It is only in Kutch that bright colours of richly embroidered garments find the company of ample silver jewellery, and together they tease the harsh desert sun.
From anklets to earrings, armbands to chokers, if not cloth, it is metal that adorns. Even men wear silver ornaments, only adding to their masculinity. Jewellery is not just a means for embellishment, but more ofan investment. It is a mark of identity, a display of wealth and therefore, a symbol of pride. To source this treasure, they travel to Bhuj, Gujarat, one of the centres of silver jewellery. The Bhuj city market is a treasure trove for proud wearers of chunky, traditional jewellery in its purest form, as well as its miniaturized cousins for souvenir seekers.
Silver sheets and wires are the basic raw material with which embossed patterns or coiled shapes are made. Glass beads add colour to the preparations and ghungroos, or small bells add their music.
The heavy boisterous silver jewellery trickles down in form as it reaches the city of Ahmedabad. As it tries to decide whether to fit in, or stand out, it takes on itself some local flavours. It is lighter and much more affordable, as it changes from an heirloom to an artifact. In white metal, an alloy of tin and other metals, it finds its new identity.
Sheets of white metal, each manually pressed into moulds to duplicate the Kutchi silver designs, make the base to which more decorative elements will be added. In this old city area of Ahmedabad, men and women concoct an array of designs, traditional and contemporary, from a potpourri of glass beads, white metal globules and embossed pendant pieces, stringing them in black thread. Sometimes shells and coloured thread tassels add a tribal charm, while semi precious stonesmay make them a little more “elite”.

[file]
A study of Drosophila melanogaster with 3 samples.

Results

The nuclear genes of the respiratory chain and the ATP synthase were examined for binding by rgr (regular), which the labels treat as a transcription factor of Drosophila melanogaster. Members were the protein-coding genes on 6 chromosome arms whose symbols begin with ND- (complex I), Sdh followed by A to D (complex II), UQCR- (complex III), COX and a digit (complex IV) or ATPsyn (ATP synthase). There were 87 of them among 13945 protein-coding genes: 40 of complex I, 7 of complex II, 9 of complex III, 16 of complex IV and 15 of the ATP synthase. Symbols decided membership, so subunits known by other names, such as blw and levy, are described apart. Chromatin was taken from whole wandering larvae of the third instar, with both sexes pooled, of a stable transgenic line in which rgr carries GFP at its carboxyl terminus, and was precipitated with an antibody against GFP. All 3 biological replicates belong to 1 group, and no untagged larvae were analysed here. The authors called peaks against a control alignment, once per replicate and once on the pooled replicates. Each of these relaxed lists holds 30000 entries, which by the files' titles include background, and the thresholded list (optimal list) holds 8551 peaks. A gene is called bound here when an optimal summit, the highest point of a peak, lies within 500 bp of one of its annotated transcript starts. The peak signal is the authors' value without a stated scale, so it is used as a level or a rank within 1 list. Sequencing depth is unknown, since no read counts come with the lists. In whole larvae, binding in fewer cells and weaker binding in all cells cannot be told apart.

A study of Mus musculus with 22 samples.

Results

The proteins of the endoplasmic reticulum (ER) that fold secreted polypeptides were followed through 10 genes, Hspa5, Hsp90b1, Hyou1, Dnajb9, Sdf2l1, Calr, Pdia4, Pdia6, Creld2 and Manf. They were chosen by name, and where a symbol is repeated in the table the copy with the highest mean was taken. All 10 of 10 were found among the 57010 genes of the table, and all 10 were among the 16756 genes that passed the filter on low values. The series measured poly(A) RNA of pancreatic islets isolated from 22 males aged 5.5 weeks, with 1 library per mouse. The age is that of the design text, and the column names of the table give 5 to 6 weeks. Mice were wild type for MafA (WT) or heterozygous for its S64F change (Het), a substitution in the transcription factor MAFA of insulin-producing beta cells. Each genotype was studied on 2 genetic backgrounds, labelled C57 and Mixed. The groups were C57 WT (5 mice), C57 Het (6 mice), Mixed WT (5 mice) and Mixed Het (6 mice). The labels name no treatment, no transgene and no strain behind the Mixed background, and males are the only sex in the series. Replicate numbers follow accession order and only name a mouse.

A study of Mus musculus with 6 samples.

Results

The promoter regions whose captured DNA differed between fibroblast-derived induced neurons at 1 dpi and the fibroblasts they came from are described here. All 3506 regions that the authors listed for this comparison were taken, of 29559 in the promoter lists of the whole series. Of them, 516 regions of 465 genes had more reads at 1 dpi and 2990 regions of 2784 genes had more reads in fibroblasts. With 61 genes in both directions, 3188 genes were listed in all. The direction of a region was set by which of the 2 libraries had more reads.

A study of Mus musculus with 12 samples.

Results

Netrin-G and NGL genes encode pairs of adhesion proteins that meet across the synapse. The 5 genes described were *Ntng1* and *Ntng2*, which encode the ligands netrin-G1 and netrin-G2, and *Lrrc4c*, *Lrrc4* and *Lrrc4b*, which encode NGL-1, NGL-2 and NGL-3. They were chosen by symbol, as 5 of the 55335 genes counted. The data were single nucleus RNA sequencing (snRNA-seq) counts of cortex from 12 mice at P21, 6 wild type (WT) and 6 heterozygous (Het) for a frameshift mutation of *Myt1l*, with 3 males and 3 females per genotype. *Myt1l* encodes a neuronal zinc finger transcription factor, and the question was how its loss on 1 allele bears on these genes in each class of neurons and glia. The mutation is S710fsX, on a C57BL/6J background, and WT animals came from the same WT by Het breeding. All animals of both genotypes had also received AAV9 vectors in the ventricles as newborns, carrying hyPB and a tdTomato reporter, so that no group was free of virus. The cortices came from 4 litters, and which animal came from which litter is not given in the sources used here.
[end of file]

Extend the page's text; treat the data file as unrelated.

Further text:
A coat of oxidizing polish powder mixed with a oil based binder and applied to the pieces, and then polished off with a soft cloth for a quick,“antique” finish. What tricks the city has learnt, to imitate the beautiful, rustic look of well worn silver!
The white metal jewellers co-exist with silversmiths in the same marketplace; there is a customer for everything. Pure silver is popular in the form of delicate pieces of jewellery, or for religious articles, while white metal in its unrestrained flamboyance and affordability has a mass appeal. Ahmedabad being one of the centres of silver jewellery in Gujarat holds a confluence of contemporary design influences and a traditional Kutchi flavour.
The nine auspicious nights of dance and celebration, see a reemergence of ornaments and finery in their prime. The crowded streets of Teen Darwaza and Manek Chowk in old Ahmedabad and the bustling stretch of the Law Garden road across the river are ablaze with colours and lights during this time. Colourful ghagra cholis with embroidered mirrors bouncing off lights and chunky silver and white metal jewellery decorated with glass beads, lure passersby to bedeck themselves for the festivities. It is during Navratri, that a year’s sales of jewellery may take place within a fortnight.
People may move to cities, but no woman can leave behind her desire for adornment. Call it a cheap imitation, or a meaningful souvenir, the white metal jewellery holds a link to one’s roots, a piece of culture within itself.